A considerable directory of stuff that aspiring Internet shady-type folks will find useful: Bittorrent trackers, services, software, and more. For informational purposes only, of course.
A visual directory, source map, and explorer for OSINT sources and utilities. If you're not sure what you need or what to try, browse the categories until you find something that looks useful.
Github repo for the page: https://github.com/lockfale/OSINT-Framework
LibreTime makes it easy to run your own online or terrestrial radio station. Check out some features and screenshots, then install it and start broadcasting!
If you hate the bloatware or pre-installed apps on your Android smartphone, here's how to disable them even if Android doesn't normally let you.
websocketd is a small command-line tool that will wrap an existing command-line interface program, and allow it to be accessed via a WebSocket.
WebSocket-capable applications can now be built very easily. As long as you can write an executable program that reads STDIN and writes to STDOUT, you can build a WebSocket server. Do it in Python, Ruby, Perl, Bash, .NET, C, Go, PHP, Java, Clojure, Scala, Groovy, Expect, Awk, VBScript, Haskell, Lua, R, whatever! No networking libraries necessary.
Minimalistic git log based chat.
A text-based signal and spectrum analyzer for RTL-SDR radios. Everything is done in ASCII in realtime. Allows you to tune the radio as well as watch it.
A general purpose radio frequency transmitter for Raspberry Pi which doesn't require any other hardware unless filter to avoid intererence. It can handle frequencies from 5 KHz up to 1500 MHz. Plug a wire into GPIO pin 4 (hardware pin 7) and it'll broadcast just about whatever you tell it to. Has an installation script. It's recommended that you use a bandpass filter to minimize noise on the air. Works with just about every RasPi (except the B). Has a text based menu to control it. Defaults to 434 MHz (international free ISM band). You can even broadcast spectrogram pictures! Can even do POCSAG to activate pagers!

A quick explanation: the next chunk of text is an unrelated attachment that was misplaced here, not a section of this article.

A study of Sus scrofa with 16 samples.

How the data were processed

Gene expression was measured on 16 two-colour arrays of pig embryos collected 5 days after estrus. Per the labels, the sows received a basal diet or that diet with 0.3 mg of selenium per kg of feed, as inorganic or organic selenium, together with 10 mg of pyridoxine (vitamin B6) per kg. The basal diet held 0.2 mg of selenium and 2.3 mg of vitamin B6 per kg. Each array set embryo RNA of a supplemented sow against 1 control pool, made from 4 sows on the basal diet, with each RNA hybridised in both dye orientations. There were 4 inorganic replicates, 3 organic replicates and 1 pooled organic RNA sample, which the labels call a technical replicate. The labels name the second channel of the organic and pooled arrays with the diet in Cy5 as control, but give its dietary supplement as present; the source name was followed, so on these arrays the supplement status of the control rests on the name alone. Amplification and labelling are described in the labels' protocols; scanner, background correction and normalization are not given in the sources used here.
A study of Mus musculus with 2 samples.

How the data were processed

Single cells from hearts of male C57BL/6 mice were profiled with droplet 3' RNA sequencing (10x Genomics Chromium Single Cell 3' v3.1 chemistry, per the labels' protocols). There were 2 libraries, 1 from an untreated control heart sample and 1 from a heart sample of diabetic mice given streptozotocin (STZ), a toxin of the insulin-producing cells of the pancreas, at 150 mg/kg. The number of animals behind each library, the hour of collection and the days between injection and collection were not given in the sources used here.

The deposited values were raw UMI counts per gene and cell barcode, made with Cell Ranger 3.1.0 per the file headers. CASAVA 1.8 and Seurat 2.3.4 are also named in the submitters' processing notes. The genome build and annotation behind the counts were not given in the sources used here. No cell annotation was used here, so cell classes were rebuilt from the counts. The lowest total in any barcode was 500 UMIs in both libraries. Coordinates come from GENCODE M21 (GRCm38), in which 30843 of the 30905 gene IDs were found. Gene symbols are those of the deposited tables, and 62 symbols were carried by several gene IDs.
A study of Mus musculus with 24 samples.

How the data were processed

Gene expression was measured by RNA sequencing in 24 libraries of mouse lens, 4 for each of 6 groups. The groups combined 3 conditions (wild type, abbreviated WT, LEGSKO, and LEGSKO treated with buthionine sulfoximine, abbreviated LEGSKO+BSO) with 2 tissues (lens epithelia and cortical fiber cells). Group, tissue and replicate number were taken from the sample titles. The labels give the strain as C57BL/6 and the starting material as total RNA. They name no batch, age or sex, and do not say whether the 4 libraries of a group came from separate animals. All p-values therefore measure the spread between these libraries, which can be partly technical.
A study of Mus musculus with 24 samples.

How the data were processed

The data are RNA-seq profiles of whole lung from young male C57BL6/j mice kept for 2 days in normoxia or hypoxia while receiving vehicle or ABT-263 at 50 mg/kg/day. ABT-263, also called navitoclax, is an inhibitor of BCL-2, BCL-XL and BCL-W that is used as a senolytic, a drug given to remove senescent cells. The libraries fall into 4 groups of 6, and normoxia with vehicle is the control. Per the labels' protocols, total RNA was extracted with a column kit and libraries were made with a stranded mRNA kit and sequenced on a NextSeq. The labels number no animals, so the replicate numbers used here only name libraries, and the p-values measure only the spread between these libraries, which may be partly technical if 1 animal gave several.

Tiny server that lets you turn any webcam into an IP camera. Designed to be lightweight in terms of dependencies, and will even run on a RasPi. Supports HTTP basic auth for access. Can probably be proxied.
Free service that gives wildcard DNS for anybody for free. Including RFC-1918 IP's. Pretty cool how they did it. Software is an add-on for PowerDNS.
A streaming media server you host yourself. Can run without a container as a first-class implementation (thank you!) Designed with web browsers specifically in mind, not client software. Written in Java, but nobody's perfect (recommends the OpenJRE!)
Console-based Audio Visualizer for ALSA. Also supports audio input from Pulseaudio, MPD and sndio.
An AX.25 packet radio chat protocol with support for digital signatures and binary compression. Like IRC over radio. Note that, because encrypted messages are illegal on ham bands, messages are signed to prevent spoofing but are not encrypted. Requires a TNC to send AX.25 - Direwolf is recommended.
A free-as-in-beer and free-as-in-freedom (GPLv2), open source screen reader for Microsoft Windows. It is developed by NV Access in collaboration with a global community of contributors. Specifically designed because most screen readers are incredibly expensive. Includes support and training materials for both sighted and sight-impaired people. Has the usual heavy hitters funding the project.
BeePaste is a simple pastebin which is written using Python and the Sanic framework. Designed to be self-hosted and easy to use - paste logs, snippets, and documents. Send stuff from the command line. Has an API that aims to make it easy and flexible to use. Supports shared key (XOR) and PGP encryption. Use the ACE Editor so it's closer to a pad than a pastebin.
Team's Github org: https://github.com/beepaste
Backend written in Python, uses Mongo and Redis.